The Web is often considered a cathedral for intellectual plainsong, where people with opinions assemble a chorus to sing in unison with. That may not really be true—at least on social networking sites.
According to Aaron Smith, lead researcher of a new study by the Pew Internet and American Life project, those of us who post a great deal of political material on social media sites, or with online friends who do, are in turn more likely than most to change our minds or alter the direction of our thinking or actions, based on materials we discover on these sites.
Published on political website TechPresident, the study, “Politics on Social Networking Sites,” was conducted from Jan. 20 to Feb. 19 and based on conversations with 2,523 respondents over the age of 18.
Predictably, the study states that “(a) portion of social networking site users say the sites are important for some of their political activities and the way they decide how to engage with campaigns and issues. At the same time, most users of the sites say they do not use the sites for political purposes or debates.”
So, those deeply engaged tend to change their minds more than most, and most of those using social media sites do not use them to research, discuss, or express political issues.
Here are some of the reports central findings.
- 36 percent of social networking site (SNS) users said the sites are “very important” or “somewhat important” to them in keeping up with political news.
- Roughly one-fourth of the respondents said the sites are “very important” or “somewhat important” to them in recruiting people to get involved in political issues that matter to them, for debating or discussing political issues with others, and for finding other people who share their views about important political issues.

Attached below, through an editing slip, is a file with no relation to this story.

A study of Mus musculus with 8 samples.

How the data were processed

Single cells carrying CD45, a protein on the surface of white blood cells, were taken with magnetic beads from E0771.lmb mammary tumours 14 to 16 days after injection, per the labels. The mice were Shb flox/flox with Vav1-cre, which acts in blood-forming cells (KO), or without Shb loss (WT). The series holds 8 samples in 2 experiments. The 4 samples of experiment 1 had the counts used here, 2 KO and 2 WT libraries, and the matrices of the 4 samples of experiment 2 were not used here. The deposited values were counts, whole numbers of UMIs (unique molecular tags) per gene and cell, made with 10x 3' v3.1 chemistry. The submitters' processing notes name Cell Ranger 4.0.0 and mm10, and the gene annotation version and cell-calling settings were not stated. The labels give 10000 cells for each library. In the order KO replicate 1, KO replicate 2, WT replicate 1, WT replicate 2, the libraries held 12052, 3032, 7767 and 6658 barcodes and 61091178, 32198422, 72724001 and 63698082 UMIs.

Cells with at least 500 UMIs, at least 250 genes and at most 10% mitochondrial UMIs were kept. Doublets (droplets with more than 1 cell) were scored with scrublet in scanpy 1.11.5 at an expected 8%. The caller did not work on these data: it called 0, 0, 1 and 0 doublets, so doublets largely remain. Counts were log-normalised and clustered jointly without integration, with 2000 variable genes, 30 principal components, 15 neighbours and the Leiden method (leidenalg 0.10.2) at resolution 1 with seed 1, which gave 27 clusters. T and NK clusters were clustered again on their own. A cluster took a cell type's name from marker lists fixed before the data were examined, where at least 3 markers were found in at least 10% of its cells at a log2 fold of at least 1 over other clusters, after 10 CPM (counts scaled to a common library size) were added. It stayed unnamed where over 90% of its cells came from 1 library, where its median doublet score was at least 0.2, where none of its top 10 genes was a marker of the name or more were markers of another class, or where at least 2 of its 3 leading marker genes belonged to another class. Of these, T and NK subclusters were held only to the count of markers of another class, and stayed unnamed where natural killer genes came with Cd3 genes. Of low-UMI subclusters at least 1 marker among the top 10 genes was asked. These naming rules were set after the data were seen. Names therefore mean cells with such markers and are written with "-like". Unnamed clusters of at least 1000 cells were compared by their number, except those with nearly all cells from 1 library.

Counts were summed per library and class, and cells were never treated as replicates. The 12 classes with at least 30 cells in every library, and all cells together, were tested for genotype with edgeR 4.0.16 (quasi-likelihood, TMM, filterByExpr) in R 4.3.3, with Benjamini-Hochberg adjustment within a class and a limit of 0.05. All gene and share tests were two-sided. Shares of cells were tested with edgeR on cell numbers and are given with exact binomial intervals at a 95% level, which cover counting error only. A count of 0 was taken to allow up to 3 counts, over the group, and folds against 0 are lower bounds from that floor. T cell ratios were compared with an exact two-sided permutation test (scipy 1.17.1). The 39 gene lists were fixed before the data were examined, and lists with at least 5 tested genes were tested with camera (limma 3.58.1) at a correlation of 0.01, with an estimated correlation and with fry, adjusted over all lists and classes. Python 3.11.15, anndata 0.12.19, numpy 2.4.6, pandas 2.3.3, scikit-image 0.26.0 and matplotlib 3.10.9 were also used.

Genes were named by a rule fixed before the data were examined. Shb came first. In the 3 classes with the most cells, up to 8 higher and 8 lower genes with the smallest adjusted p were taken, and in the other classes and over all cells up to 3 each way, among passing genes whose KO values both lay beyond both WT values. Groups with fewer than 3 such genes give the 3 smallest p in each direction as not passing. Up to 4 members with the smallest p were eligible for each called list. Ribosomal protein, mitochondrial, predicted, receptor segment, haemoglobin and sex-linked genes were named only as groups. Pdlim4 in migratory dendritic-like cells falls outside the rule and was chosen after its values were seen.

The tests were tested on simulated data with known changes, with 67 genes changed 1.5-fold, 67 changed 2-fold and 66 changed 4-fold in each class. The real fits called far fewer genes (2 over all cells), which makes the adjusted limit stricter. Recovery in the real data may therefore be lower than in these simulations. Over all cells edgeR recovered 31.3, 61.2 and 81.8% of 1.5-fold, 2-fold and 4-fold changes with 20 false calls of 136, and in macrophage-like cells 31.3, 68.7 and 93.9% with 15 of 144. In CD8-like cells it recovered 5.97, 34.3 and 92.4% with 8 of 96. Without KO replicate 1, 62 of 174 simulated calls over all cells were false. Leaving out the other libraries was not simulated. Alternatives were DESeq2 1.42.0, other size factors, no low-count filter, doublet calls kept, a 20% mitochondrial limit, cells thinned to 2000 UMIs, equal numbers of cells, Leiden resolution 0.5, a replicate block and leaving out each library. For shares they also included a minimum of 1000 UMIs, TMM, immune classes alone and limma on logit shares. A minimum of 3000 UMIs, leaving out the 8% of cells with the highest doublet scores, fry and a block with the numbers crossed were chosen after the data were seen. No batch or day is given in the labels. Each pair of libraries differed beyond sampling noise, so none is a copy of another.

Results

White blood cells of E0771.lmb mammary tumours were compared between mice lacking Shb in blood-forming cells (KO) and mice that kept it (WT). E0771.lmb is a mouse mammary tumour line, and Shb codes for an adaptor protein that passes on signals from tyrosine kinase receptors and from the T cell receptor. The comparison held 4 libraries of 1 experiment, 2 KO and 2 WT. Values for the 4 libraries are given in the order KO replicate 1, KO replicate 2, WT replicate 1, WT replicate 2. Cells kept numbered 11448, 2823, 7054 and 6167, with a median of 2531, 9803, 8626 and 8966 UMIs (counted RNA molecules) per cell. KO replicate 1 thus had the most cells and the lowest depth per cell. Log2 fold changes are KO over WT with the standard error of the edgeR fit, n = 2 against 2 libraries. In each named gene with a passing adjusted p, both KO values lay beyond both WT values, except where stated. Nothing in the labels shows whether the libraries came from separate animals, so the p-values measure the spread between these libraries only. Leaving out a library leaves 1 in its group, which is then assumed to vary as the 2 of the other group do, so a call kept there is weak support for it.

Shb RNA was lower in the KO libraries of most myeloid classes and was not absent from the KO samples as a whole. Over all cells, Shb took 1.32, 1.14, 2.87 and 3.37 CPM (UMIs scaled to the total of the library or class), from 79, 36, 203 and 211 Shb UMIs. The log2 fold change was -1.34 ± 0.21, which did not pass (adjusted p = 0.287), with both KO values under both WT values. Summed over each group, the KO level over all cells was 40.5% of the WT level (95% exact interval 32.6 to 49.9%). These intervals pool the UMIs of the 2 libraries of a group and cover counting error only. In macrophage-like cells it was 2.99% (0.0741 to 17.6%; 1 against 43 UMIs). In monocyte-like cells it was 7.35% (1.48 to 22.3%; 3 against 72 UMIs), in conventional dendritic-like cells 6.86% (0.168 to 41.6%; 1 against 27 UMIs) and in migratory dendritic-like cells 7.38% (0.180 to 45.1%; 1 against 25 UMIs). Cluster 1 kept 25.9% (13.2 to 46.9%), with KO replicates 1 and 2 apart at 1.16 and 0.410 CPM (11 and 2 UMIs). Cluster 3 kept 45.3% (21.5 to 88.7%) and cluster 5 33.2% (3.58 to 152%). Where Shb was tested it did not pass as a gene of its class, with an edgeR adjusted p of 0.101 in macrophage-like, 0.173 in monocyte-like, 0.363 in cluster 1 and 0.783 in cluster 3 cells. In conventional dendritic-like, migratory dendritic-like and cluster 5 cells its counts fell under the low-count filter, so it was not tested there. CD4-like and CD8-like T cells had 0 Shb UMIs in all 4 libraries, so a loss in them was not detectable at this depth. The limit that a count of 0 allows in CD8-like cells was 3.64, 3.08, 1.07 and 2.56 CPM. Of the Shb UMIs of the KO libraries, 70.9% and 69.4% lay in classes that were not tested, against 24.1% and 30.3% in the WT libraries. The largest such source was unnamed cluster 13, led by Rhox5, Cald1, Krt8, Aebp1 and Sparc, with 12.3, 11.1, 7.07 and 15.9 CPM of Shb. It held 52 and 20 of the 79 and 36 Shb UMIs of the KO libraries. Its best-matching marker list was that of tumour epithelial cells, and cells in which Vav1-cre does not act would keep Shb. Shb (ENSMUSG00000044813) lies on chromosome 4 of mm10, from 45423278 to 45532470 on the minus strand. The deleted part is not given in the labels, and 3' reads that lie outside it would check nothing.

Of those who have changed their minds, the study outlines the nature of that change.
- 25 percent said they have become more active in a political issue after discussing it or reading posts about it on the sites.
- 16 percent added that they have changed their views about a political issue after discussing it or reading posts about it on the sites, and roughly 9 percent reported becoming less involved in a political issue after discussing it or reading posts about it on the sites.
Interestingly, the study finds Democrats are more likely than Republicans or Independents to say that the sites they use are important. Additionally, black users are more likely than white, and young more likely than old, to find the sites they frequent important to their political life.
Why do these groups in particular put such emphasis on their online interactions?
“Younger adults are disproportionately Democratic and disproportionately likely to use social networking,” Lee Rainie, director of the Pew Internet and American Life Project told Daily Dot. They are also “disproportionally likely to do many of the activities on SNS, including using the sites for political purposes.”
He describes a “networking enhancement” effect online. “The more you use the sites for promoting or debating or recruiting, the more likely you are to get others’ promotions, invitations to debate, and recruiting appeals.”
“When it comes to African-Americans,” he added, “it is clear in our data that something important happened in the last 18-24 months in their adoption of social media and their eagerness to do lots of things with social media, including political activity. It is quite likely that this is tied to some extent with the rise of mobile connectivity, which is disproportionately embraced by blacks and used by blacks (again, for all kinds of purposes).”